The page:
Kinect’s launch has come and gone and we’re here to deliver our impressions of Microsoft’s new device. We already gave you an overview of the system, but now its time to go into more detail after spending some time with it.
After taking Kinect out of its box, I was impressed by the solid construction of the device. It is housed in a hard plastic and features a weighted base to keep itself in place. The one fragile point is the pivot which allows the camera to move up and down or side to side. It shouldn’t be a big problem as long as you don’t apply unnecessary force; for normal use it is solid enough.
Setting up Kinect was a fairly simple process. After plugging in the device and starting up the Xbox, I was prompted to download an update for Kinect. After doing so, the Kinect software took over the reigns. There wasn’t much to it, for the most part you just need to sit back and let the Kinect sensor run a few tests in regards to its surroundings. You will be prompted to participate here and there and when it comes to setting up Kinect ID (so Kinect can recognize you on sight) you will need to go through a process where you stand in various positions, but even this doesn’t take too long. Within five to ten minutes you should be up and running.
The first thing I noticed after getting Kinect all set up is just how smooth and responsive the system is. In short – Kinect works. The camera does a good job of tracking your motions in real time, and while there is a slight delay, it is nearly imperceptible most of the time. It was a little tricky to get the hang of the motion control at first, but it soon became second nature.
So far, I’ve tried three games with Kinect: Dance Central, Kinectimals and Kinect Adventures. The worst of that lot is Kinect Adventures. Kinect Adventures is essentially a mini-game collection aimed at a casual audience. The mini-games can be fun, but of the three, Kinect Adventures is the only one where the input delay became readily apparent.
Dance Central, widely considered to be the best of the Kinect launch titles, is indeed a riot. It’s the game I’ve spent the most time with and I’m having a lot of fun with it. If you don’t mind looking like a bit of an idiot, you’ll undoubtedly enjoy it too. The game allows you to check out the individual dance moves that go into a song routine and practice them one at a time before it challenges you to do them in succession. Once you feel you’ve got the moves down you can choose to perform the song and dance through it in its entirety.
Kinectimals is perhaps the most surprising of the bunch. I thought the game looked pretty humorous, but I expected it to be more of a gimmick than a real game. Fortunately, I was quite wrong. Kinectimals is more than a virtual pet simulator and is proving to be more of a gamer’s game than I think most were expecting.
The other big feature with Kinect is the ability to navigate and control your Xbox 360 by using gestures and voice commands instead of a controller. This functionality works extremely well and several dashboard apps have been updated to utilize it. ESPN, Zune and Last.fm can all be controlled using Kinect. Check out the video below for a brief demonstration of this functionality.
This is all sounding pretty good, right? Well, for the most part it is, but Kinect isn’t without its faults. For instance, I was very disappointed to see that you can’t use Kinect with the normal 360 dashboard; you have to use the special Kinect Hub, which is essentially a stripped down version of the dash. This is probably my biggest complaint with the system so far. Also, while many of the apps on the 360 work with Kinect, one key app doesn’t: NetFlix. It is possible that MS will release an update for the NetFlix app to address this issue, but until that happens, this will continue to be an obvious oversight.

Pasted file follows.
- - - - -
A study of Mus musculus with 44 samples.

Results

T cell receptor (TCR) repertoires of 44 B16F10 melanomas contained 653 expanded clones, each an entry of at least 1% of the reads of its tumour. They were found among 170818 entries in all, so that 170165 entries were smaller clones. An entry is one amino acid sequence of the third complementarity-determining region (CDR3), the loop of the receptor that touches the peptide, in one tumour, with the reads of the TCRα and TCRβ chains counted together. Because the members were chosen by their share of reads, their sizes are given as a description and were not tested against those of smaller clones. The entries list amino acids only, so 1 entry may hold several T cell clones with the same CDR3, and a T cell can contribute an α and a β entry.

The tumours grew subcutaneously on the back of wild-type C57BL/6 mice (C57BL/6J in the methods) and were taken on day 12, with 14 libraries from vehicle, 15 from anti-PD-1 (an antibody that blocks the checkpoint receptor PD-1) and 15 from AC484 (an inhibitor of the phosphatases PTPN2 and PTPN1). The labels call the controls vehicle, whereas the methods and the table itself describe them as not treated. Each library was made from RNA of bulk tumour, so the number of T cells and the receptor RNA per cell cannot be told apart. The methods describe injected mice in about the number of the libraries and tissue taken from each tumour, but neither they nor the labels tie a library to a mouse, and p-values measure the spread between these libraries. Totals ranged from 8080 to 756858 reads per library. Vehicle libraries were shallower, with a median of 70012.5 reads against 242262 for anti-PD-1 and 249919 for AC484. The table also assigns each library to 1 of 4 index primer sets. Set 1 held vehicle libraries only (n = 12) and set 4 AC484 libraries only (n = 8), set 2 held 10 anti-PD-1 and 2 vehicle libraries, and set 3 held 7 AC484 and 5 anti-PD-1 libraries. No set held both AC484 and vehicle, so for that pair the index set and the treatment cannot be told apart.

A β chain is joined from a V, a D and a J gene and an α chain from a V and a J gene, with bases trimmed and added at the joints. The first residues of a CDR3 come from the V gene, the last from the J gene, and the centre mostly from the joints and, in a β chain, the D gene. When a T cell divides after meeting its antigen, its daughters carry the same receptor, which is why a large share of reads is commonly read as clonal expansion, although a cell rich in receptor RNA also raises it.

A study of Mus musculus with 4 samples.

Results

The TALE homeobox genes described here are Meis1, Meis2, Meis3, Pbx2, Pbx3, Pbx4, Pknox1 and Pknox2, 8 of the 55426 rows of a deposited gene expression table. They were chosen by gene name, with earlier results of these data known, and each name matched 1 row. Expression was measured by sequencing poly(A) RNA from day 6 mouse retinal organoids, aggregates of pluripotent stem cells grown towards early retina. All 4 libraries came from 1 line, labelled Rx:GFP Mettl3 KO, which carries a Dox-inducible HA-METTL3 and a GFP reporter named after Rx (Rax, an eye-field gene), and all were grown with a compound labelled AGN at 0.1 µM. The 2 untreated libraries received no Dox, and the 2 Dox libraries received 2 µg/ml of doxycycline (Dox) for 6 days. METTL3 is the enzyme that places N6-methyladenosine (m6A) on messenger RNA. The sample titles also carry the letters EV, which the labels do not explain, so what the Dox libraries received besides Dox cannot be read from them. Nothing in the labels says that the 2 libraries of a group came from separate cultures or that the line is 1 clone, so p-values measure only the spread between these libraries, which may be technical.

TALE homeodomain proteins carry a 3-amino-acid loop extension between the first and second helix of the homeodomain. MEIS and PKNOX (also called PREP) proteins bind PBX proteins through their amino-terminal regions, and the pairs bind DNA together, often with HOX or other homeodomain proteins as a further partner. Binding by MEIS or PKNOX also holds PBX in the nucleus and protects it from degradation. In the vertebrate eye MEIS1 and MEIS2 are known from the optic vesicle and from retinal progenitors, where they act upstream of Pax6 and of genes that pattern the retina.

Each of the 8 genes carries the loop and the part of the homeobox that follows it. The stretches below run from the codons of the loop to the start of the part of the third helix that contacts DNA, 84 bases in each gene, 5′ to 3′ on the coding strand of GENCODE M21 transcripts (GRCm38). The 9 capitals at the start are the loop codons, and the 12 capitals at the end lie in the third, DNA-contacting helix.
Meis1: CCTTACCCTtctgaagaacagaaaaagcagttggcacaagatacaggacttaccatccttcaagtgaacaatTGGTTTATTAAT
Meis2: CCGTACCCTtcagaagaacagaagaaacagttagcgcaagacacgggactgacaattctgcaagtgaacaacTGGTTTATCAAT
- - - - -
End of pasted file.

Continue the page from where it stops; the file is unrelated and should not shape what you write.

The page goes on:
Other problems with Kinect are the somewhat limited voice commands. What’s there is great, but there are some rather confusing omissions. For instance, you can only open the disc tray by voice if it is empty; it would be nice to have that command available at all times with the possible exception of during gameplay. Another sore spot is the lack of shutdown and activation commands. Sure it could be problematic if your roommate is a jerk and shouts “Xbox, shutdown” while you’re playing a game, but having to reach for a controller to turn the system off after playing hands-free all night is just awkward.
The one other thing to note about Kinect is that if you hold your hand in front of your body, but not out far enough, the sensor can lose track of it. I haven’t found this to be a problem during gameplay, but it has happened once or twice while navigating the menu system. Granted, this point is a little lame as it mostly boils down to me being too lazy to hold my hand out, but it may be something you come across as well.
In spite of the problems mentioned above, I have actually been very impressed with Kinect. The system works and doesn’t seem to suffer from any of the problems the press had mentioned leading up to launch. Changes in lighting don’t cause problems, background sound doesn’t trip it up and even other people or pets moving around you during play don’t pose much of a problem unless someone is deliberately trying to mess it up by jumping around in front of you.
With Kinect, Microsoft has delivered. It’s now up to game developers to create quality experiences, not gimmicks, based on Kinect’s abilities. We’ve seen some of both with the launch titles, but games like Kinectimals and Dance Central have proven the technology and that, if used in the right way, Kinect can deliver gaming experiences that aren’t possible with a standard controller.